Wednesday, May 25, 2011

People Management, Disney Style

Today while on the NACCM Customer's 1st facebook page I came across this white paper from our Facebook friends Disney Institute on the popular topic of People Management.

The paper is very interesting in that it tracks how Disney sets expectations for employees from even before day one, and then follows through with training, reinforcement and rewards to keep the "cast" operating smoothly. For example, in describing the hiring processes at Disney, they acknowledge that the company culture may not be for everyone, and that it is in fact better to give potential employees the chance to self-select out before entering into the company
"Early in the process, candidates can view a film depicting what it is like to work at Disney. The film also communicates conditions of employment. After viewing it, a small percentage of candidates self–select out of the process. This is a good thing, since those candidates might not be "right fit" for the culture—and Disney might not be right–fit for them. This process not only saves time and money, but it leaves the applicants feeling good about themselves and our company."
Another great quote that struck me from the article was the following "When your staff sees the big picture, they also see how vital their roles are in the business." Indeed communicating the importance of small roles to the larger goals of the company can both motivate employees towards exceptional service, and inspire greater teamwork and compliance with company policies.

So what does all this say about customer service? Generally, Disney Institute has found that happy, inspired employees are more likely to provide great customer experiences.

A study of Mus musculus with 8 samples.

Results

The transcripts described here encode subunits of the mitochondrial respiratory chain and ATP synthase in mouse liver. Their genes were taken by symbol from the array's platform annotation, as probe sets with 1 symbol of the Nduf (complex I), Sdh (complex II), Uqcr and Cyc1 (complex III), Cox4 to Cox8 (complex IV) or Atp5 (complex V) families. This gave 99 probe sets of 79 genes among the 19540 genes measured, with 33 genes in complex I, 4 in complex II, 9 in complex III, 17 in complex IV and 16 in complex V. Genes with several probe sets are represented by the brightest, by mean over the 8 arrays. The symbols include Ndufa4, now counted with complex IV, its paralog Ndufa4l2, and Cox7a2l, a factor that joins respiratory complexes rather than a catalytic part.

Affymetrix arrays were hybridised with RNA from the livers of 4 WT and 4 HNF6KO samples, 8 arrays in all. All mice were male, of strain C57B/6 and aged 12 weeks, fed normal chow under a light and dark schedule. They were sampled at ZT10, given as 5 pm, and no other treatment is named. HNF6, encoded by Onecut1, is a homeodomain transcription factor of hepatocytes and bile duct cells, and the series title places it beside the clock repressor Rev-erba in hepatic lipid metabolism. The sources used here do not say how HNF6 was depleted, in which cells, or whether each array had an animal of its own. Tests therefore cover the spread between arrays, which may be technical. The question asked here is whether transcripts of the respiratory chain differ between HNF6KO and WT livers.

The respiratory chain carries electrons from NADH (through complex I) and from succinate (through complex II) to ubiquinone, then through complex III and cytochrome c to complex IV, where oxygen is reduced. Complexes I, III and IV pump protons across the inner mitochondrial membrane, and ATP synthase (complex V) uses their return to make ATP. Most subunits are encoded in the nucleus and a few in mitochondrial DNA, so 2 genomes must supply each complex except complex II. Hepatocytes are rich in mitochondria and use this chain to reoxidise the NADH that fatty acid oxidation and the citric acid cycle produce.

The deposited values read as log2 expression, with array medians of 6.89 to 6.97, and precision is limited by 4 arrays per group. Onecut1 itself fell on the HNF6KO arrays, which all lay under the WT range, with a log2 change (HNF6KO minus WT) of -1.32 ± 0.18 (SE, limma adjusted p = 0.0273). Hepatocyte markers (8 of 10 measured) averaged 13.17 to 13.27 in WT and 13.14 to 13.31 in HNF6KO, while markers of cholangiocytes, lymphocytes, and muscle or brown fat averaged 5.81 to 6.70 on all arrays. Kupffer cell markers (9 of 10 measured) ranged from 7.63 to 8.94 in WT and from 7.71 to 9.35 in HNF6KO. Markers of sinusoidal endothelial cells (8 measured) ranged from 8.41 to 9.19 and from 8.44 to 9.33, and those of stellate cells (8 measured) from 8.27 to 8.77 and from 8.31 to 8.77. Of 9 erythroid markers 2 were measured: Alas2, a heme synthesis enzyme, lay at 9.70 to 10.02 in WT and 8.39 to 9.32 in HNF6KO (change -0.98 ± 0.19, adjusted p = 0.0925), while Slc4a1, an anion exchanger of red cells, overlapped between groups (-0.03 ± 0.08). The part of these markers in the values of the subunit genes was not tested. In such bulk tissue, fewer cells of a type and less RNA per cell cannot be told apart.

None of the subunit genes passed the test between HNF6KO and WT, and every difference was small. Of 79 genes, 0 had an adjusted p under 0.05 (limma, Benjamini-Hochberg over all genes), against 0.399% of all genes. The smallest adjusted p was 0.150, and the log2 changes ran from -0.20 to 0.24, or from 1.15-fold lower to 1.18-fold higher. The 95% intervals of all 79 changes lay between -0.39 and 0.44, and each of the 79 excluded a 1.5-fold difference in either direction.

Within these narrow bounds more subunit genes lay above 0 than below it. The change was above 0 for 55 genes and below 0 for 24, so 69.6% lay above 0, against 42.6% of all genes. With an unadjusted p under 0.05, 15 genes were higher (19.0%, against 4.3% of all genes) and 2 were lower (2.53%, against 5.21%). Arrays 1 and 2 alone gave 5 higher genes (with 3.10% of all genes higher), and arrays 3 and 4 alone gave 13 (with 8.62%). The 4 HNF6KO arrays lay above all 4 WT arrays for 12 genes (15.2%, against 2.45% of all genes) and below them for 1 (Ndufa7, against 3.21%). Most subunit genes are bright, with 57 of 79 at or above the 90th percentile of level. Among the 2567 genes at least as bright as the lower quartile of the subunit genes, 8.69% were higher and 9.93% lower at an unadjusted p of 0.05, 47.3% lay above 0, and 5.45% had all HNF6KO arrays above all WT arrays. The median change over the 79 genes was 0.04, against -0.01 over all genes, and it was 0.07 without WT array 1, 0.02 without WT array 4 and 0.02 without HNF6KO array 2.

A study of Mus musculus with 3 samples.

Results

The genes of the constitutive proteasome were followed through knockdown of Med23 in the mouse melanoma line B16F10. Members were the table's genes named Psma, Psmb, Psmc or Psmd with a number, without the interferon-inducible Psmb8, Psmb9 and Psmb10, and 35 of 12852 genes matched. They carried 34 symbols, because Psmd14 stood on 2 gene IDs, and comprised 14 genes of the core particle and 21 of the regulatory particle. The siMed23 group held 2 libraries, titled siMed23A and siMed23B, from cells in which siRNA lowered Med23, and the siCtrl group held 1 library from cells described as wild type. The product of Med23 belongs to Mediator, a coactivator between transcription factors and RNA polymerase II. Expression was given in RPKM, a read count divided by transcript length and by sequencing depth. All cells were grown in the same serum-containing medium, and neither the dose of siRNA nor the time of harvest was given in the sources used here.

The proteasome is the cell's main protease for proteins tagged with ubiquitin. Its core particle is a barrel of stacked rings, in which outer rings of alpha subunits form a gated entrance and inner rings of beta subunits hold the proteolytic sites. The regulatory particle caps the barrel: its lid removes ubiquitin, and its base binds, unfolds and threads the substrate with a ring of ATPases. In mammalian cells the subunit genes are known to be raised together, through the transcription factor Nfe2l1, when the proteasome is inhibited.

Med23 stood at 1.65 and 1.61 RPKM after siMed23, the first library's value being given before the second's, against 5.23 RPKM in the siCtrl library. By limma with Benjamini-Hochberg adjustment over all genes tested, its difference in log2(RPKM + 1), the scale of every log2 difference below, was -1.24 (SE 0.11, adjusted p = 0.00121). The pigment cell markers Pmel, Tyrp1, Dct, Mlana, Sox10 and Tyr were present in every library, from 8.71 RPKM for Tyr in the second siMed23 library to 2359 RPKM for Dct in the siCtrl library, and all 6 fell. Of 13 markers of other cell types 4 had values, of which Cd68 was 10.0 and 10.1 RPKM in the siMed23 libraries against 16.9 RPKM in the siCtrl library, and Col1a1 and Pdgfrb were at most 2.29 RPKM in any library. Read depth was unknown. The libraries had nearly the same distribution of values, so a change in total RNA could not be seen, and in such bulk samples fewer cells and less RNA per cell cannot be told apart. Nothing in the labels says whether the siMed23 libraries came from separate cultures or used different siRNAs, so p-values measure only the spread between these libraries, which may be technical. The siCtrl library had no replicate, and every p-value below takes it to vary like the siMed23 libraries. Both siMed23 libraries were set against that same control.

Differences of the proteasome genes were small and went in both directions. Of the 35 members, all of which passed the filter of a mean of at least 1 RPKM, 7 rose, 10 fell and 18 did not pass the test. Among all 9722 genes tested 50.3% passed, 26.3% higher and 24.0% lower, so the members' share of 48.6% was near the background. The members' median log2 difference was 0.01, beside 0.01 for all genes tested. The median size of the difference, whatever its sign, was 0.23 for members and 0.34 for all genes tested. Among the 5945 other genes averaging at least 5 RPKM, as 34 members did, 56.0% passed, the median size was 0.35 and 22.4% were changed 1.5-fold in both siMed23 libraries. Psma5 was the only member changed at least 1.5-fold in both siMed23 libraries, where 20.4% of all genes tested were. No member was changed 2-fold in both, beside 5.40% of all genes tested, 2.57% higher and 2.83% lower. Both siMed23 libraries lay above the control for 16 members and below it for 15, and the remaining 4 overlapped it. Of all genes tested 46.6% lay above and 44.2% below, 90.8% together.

"We’ve found over and over that if an employee feels truly valued in his or her job, if they understand what is expected of them and feel they are contributing, they will go above and beyond to deliver great service."
It's all about setting expectations, training, and finally recognizing and rewarding excellence. Read the whole paper here.

Wednesday, May 4, 2011

Your Customer is Your Priority:

Your business is only as strong as your consumer allows it to be. Today, most companies use the term customer centricity often, but saying it is the easy part. Taking the concept of what it means and applying it to your business, day in and day out, that part can be difficult. states, “Properly executed, customer-centric strategies can transform service into engagement, information into excitement, satisfaction into inspiration and otherwise passive shoppers into ambassadors for your brand.” Sometimes a business will focus so much on a product, that they tend to lose sight of what’s really important, the consumer.

One of the easiest and most effective ways to remain in constant contact with a customer is through technology. Twitter, Facebook, any type of social media, can be used for informing a customer, and also for feedback. Sometimes it’s as simple as clicking the word ‘like’. And with so many different forms of communication you can tailor it to each one of your client’s needs.

The foundation for building and maintaining excellent customer service comes from within a company. Setting the precedent for your employees not only in the beginning, but also daily will help ensure the best quality service for your clients. reports, “Research has shown on numerous occasions that companies with effective face-to-face communication (defined as communication sessions with leaders who are trained in leadership communication skills) are up to twice as likely to be more engaged and deliver better customer service, both internally and externally.” The more internal communication, and education, a company has the better.

Many companies have the resources to carry out these tasks, just not the strategies to execute them. The business world is constantly evolving so it’s up to the leaders of the company to bridge the communication gap between the future of their business and their employees.